Sony and IBM Research fit 330TB into tape cartridge

Sony has announced a new record for tape recording density. Together with IBM Research (Zurich), they achieved a density of 201 GB per square inch. This means that the tape in the standard TS1155 JD cartridge with a size of 109 × 125 × 24.5 mm will fit not the standard 15 TB, but 330 TB of information (taking into account the tape elongation by 6.4% due to a decrease in its thickness). What is 330 TB? For example, this is enough to hold 3,379 compressed copies of all Wikipedia (in all languages). Or 330 million books.

The joint achievement was made possible by an innovative magnetic tape, a new lubricant and precise positioning of the magnetic head.

Today, tape drives are the safest, energy-efficient and cheap method for long-term storage of large amounts of information. This is an ideal solution for backups and video archives, for storing information from radio telescopes and the Large Hadron Collider (in fact, they all have no other option than to store the collected data on tape cartridges). Now the tape finds a new use in Big Data and as a “cold” storage in data centers and cloud services.

IBM writes that now tape drives are experiencing their second youth, and with the new Sony film they will be relevant for a very long time. Although such a film with nanocoating will obviously be more expensive to manufacture than conventional tape coated with barium ferrite (BaFe).

The new tape consists of several layers of nanoparticles, and the technology of its production is somewhat similar to the manufacture of integrated circuits.

In more detail, the structure of the film can be examined under a transmission electron microscope (photo below).

As you can see, the bottom layer of the soft CoZrNb substrate (14 nm), as well as the TiCr layer (2 nm) have an amorphous, chaotic structure, and then the most interesting begins. The next layer of the NiW substrate (10 nm), as well as intermediate film layers of ruthenium (this is one material, but it is applied under different conditions, so that two layers are formed) and the actual magnetic layer CoPtCr-SiO 2 (14 nm) consist of column-like groups of grains . That is why such a structure, similar to a honeycomb, is formed on the surface of the magnetic layer, as can be seen in the top photo (in the upper left corner). The width of each “cell” is about 7 nm.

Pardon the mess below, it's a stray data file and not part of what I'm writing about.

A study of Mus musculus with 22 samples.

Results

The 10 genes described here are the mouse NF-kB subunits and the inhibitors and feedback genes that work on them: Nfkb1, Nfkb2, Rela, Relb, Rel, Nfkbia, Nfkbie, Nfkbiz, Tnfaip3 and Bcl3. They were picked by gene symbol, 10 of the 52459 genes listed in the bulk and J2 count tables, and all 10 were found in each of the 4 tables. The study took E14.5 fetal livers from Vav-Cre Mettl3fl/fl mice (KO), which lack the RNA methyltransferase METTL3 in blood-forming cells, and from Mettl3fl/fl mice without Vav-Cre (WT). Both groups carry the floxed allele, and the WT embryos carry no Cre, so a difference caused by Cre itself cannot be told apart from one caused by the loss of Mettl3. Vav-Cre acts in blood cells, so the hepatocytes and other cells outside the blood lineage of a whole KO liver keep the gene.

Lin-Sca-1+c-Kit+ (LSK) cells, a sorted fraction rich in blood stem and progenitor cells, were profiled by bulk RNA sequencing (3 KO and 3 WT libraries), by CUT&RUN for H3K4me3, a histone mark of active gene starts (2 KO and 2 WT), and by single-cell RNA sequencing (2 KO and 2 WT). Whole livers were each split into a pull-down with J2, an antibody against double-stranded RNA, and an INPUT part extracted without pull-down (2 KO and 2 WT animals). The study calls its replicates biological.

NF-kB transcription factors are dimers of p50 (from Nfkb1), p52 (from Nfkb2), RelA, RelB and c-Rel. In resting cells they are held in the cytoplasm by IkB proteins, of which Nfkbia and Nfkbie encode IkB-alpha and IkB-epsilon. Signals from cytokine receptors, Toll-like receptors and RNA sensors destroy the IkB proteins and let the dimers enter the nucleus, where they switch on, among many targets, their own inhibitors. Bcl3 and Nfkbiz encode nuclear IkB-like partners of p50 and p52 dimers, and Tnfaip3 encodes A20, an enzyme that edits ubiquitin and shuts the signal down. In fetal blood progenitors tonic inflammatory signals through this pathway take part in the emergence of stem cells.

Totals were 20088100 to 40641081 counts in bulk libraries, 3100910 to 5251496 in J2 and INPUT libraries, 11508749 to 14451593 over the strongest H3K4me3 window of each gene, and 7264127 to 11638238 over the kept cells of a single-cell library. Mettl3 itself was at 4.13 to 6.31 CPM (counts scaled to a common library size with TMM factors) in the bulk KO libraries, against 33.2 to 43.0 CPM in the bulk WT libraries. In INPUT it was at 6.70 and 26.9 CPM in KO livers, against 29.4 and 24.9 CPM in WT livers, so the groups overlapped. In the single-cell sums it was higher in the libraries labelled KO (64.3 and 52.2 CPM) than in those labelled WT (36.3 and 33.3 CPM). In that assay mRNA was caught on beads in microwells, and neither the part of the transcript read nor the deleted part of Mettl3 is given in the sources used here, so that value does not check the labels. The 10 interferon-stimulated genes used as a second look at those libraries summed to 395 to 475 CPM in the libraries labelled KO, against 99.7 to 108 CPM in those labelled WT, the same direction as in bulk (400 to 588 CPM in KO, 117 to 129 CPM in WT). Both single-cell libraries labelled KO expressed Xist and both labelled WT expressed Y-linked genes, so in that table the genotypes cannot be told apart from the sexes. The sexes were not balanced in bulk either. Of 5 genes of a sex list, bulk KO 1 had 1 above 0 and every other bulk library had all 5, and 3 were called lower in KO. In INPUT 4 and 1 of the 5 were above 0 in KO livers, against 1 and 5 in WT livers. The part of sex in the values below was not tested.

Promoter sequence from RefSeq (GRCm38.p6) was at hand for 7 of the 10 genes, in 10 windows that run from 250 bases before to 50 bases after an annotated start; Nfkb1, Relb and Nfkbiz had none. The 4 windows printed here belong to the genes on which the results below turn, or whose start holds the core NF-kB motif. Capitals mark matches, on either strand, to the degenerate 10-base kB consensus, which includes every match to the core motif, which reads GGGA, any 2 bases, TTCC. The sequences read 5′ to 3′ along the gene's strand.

In the end, on top of the magnetic layer is a reliable protection from a diamond-like carbon nanostructured coating (DLC) 5 nm thick.

All layers are applied on a polyamide base with a thickness of less than 5 microns. Actually, this is the thickness of this film.

The following illustration schematically shows how these layers are applied in a vacuum chamber. The “roll-to-roll” method is used - a method of continuous feeding of the rolled material for deposition of materials with a thickness comparable to the size of an atom. The process takes place at room temperature.

Recording and reading information from such a film would have been impossible if it were not for the new lubricant, which was also developed by Sony. The fact is that for recording / reading information with such a density, a very large head sensitivity is needed, and therefore it should be extremely close to the tape. In the photo, the image of the head is almost merged with its reflection. The invented lubricant effectively reduces the friction between the magnetic head and the surface of the film, while it “sticks” tightly to the magnetic layer.

The role of IBM Research in this work was to develop signal processing algorithms taking into account the principles of noise detection and advanced servo control technologies for head positioning with a precision of 7 nm. Actually, the work of the magnetic head in this tape drive is almost entirely due to IBM Research.

What is most interesting, 330 terabytes is not the limit. In the video below, Dr. Mark Lantz from IBM Research says that in the future, the density of information on the tape can be further increased.

The presentation of the scientific work of Sony and IBM Research was held on August 2, 2017 at the Magnetic Recording Conference (doi: 10.1109 / TMAG.2017.2727822, pdf ).